Striving for stability
The news this past week seems to have been concentrated on the political arena where the combatants took shots at each other to gain prominence among the electorate. Meanwhile, with less fanfare, the markets managed to react to the various economic and corporate data.
The U.S. Labor Department reported an increase of 242,000 jobs created against the estimates of 198,000 or so. China lowered its estimate of economic growth, but still managed a 6.5% to 7% rate. While that was considered somewhat disappointing, it appeared that the slowing economy was stabilizing. The U.S. picture was less than enthusiastic, where GDP was revised upward from .7% to a full 1%.
A dismal performance, in our opinion, when for two years of the Obama administration, Democrats controlled the White House and both houses of Congress. Now with the split between the Democratic White House and the Republican Senate and House, nothing is being accomplished and we will have to wait to see how November might change the situation going forward in 2017.
For now, we remain convinced of a global recessionary trend exacerbated by the influx in the west of hundreds of thousands immigrants fleeing the war-torn Middle East. Now for some actual information that hopefully will guide our readers through the maze of information.
The U.S. Treasury bond closed Friday at 163 19/32nds, down 1 and 7/32nd as the U.S. Labor Department reported 242,000 new jobs in February against economist predictions of a 198,000 gain. While that took the steam out of bond prices, yields rose on the expectation of the positively construed jobs picture leading to the U.S. Federal Reserve considering another rate increase. That is something we doubt since, while the overall number appeared to be positive, the underlying fact remains.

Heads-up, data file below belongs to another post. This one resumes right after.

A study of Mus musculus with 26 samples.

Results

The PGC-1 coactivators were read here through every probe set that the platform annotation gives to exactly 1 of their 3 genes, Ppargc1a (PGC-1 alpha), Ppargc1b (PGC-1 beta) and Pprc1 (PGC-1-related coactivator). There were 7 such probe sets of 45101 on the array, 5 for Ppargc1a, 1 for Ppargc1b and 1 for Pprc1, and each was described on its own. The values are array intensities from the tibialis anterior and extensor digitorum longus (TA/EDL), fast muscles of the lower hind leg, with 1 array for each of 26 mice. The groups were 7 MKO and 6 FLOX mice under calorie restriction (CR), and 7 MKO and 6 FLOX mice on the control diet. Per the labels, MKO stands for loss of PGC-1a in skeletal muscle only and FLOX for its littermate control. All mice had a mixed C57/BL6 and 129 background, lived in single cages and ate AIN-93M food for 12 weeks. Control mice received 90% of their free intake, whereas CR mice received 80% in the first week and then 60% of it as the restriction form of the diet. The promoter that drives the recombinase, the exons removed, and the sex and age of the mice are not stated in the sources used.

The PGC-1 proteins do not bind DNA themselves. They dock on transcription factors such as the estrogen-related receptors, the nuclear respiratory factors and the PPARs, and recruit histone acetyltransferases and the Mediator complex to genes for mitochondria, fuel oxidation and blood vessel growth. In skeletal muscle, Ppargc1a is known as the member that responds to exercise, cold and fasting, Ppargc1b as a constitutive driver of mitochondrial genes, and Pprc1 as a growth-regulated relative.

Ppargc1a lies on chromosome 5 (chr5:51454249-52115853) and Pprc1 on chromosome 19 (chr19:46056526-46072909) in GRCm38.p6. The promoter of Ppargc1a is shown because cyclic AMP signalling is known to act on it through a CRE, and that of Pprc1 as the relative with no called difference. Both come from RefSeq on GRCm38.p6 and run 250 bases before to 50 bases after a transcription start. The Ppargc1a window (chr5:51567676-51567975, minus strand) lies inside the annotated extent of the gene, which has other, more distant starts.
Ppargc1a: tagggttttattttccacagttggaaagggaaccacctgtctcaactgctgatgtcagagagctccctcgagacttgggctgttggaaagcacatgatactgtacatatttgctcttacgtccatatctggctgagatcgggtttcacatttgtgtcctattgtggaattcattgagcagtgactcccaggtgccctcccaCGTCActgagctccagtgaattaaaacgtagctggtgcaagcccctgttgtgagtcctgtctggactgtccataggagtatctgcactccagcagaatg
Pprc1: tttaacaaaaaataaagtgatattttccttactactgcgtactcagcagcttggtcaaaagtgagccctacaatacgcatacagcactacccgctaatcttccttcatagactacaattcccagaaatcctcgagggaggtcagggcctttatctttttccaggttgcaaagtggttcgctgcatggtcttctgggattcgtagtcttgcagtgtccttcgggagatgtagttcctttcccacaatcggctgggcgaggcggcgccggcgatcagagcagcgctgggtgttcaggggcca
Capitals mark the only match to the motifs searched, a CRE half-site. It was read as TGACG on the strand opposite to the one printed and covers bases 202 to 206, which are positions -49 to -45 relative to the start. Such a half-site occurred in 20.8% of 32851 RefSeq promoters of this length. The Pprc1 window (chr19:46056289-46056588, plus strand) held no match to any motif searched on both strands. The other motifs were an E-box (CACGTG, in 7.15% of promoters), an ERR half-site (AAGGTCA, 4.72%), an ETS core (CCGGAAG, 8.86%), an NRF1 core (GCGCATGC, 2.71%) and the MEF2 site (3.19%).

The under-employment number (which is never reported but plays a significant role in the overall economic structure) is estimated to be around 18% or higher, since workers who took jobs paying less than the ones they lost still factor in to the overall rate of 4.9%. We feel the U.S. administration, while reporting an "improving economy" is all done with the use of "mirrors" and "rose colored glasses." A factor to also consider in my analysis of a recessionary trend is the hours worked number, which is at its lowest level in two years.
U.S. exports declined in January for the fourth month in a row, clearly indicating that the U.S. Administration, in allowing companies to move out of the U.S. in favor of more favorable tax structures, is making a mistake. It shows to me no knowledge of the workings of corporations having to perform for their stockholders. For now we prefer the sidelines in bonds, but with our negative view of the U.S. economy, prices should stabilize and possibly work higher as yields decline.
The Dow Jones closed Friday at 17,006.77, up 62.87 points and its two month high. The S&P 500 closed at 1,999.99, up 6.6 points, and is up 2.7% for the week. The Nasdaq closed at 4,717.02, up 9.6 points. The positively construed job report led to ideas that the Fed is now free to consider another rate increase which would favor the U.S. dollar and U.S. investments.
We totally disagree and feel that once the "true" picture of the U.S. labor situation is revealed, the export disappointment and the strong dollar will weigh heavily on the overall U.S. economy. Equity markets continued to track crude oil with crude gaining 9.6% for the week. We once again suggest holders of large equity positions both in the U.S. and abroad implement strategic hedging programs in order to protect from what we feel is an imminent contraction.